The World Economic Forum released a set of 21 sustainability metrics Tuesday, along with guidelines that call for companies to move details about their environmental, social, and governance impacts into the pages of their annual financial reports.
Introduced in a document at the forum’s Sustainable Development Impact Summit, the metrics and guidelines are the fruit of several years of work. They represent perhaps the biggest step yet to rally companies, regulators, and standard-setters around a single set of ESG metrics and integrate them into mainstream financial reporting.
The business community is looking for global consistency and comparability and hopes to avoid the alphabet soup of competing metrics and piecemeal reporting that exists today, said Bob Moritz, the global chairman of PwC, who spoke along with the leaders of the other Big Four accounting firms at the summit.
“These are the ones that we truly believe as a business community are the right measures to start with,” Moritz said. “We’re not looking for perfection, we’re looking for progress.”
The release comes as the European Commission and the international accounting standard setter consider whether to require sustainability reporting. In the U.S. a divided Securities and Exchange Commission adopted a rule in August that sets a framework for human capital disclosures but didn’t call for specific metrics. And proposed changes to SEC rules for management disclosures wouldn’t specifically address climate change risks.
Under the forum’s guidelines, companies should present metrics that are relevant to long-term value in what are called “mainstream corporate disclosures,” such as annual reports to investors or proxy statements. The information also should stand up to verification or assurance—investors expect ESG reporting to be just as reliable as financial metrics.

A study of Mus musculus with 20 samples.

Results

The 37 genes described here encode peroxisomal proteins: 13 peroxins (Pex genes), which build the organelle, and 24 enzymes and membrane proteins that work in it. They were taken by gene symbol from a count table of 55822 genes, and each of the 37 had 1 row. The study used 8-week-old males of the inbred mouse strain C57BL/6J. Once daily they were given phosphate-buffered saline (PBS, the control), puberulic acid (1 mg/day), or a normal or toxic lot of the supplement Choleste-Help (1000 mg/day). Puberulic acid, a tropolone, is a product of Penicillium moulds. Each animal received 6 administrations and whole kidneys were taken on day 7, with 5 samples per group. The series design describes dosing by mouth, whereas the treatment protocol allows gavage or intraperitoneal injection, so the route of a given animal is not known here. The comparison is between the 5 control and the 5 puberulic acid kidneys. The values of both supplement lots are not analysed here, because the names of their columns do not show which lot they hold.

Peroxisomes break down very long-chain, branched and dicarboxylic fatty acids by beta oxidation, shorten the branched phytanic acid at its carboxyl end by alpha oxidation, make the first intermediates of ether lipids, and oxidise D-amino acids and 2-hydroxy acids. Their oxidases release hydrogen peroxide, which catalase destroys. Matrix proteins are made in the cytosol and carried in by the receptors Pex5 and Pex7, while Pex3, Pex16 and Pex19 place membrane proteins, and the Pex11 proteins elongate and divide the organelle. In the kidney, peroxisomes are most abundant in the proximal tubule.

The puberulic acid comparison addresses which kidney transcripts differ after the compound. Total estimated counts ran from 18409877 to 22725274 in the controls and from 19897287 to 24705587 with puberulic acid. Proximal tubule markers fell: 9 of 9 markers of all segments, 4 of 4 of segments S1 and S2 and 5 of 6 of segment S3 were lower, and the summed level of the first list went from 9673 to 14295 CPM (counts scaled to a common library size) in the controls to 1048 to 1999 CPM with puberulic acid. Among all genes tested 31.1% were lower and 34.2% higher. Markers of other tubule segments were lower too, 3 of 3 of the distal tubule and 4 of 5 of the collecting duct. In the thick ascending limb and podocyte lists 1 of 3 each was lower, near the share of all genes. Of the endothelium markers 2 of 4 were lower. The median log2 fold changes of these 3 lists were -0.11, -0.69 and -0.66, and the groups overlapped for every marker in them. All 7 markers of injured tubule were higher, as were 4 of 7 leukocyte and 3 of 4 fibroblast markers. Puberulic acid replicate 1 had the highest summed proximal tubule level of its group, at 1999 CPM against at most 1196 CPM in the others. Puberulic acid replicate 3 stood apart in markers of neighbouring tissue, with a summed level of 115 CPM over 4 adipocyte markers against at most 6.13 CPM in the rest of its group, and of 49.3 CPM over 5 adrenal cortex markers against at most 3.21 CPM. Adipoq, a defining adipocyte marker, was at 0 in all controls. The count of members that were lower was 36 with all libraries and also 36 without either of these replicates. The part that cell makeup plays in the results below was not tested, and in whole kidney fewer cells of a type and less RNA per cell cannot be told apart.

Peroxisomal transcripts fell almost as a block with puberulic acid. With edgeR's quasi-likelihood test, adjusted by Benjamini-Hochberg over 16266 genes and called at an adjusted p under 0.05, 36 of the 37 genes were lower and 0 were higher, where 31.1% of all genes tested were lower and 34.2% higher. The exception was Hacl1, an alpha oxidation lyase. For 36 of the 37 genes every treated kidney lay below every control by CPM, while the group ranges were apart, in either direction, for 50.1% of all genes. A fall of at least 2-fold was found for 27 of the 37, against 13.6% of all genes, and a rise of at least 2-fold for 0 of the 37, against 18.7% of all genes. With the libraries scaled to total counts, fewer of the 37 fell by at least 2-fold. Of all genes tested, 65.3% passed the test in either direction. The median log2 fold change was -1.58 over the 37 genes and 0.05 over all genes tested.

That sets a higher bar than what has become a common practice, where many companies report such information in separate, voluntary sustainability reports. Much of that information isn’t typically verified by a third party.
Staff from the Big Four firms and Bank of America worked with the forum to write the guidelines. ESG metrics from the Sustainability Accounting Standards Board and the Global Reporting Initiative, among others, shaped the final list of 21 common and 34 expanded metrics. Bloomberg Tax is operated by entities controlled by Michael Bloomberg, who is chairman emeritus of SASB’s board of directors.
The guidelines were divided into four areas: governance, people, planet, and prosperity.
The recommended metrics represent the most important standards that companies will agree to and be able to disclose, said Brian Moynihan, chairman and CEO of Bank of America. He also heads the forum’s International Business Council, which spearheaded the metrics project.
Members of the council, a coalition of 120 large multinational companies, were urged to take the lead in embracing the guidelines. They are expected to discuss a timeline for adoption at the council’s January meeting.
The coalition can influence not only regulators, but also ratings agencies and standard setters, Moritz said.
According to the report, their efforts could eventually result in a generally accepted international accounting standard.
The global chairs also acknowledged the rarity of their joint work, and appearance.
“I’m incredibly proud of the fact that we’re all involved in this,” said Bill Thomas, KPMG’s global chairman and CEO. “I can’t think of a time where we came together, and I think it just highlights the importance of the topic.”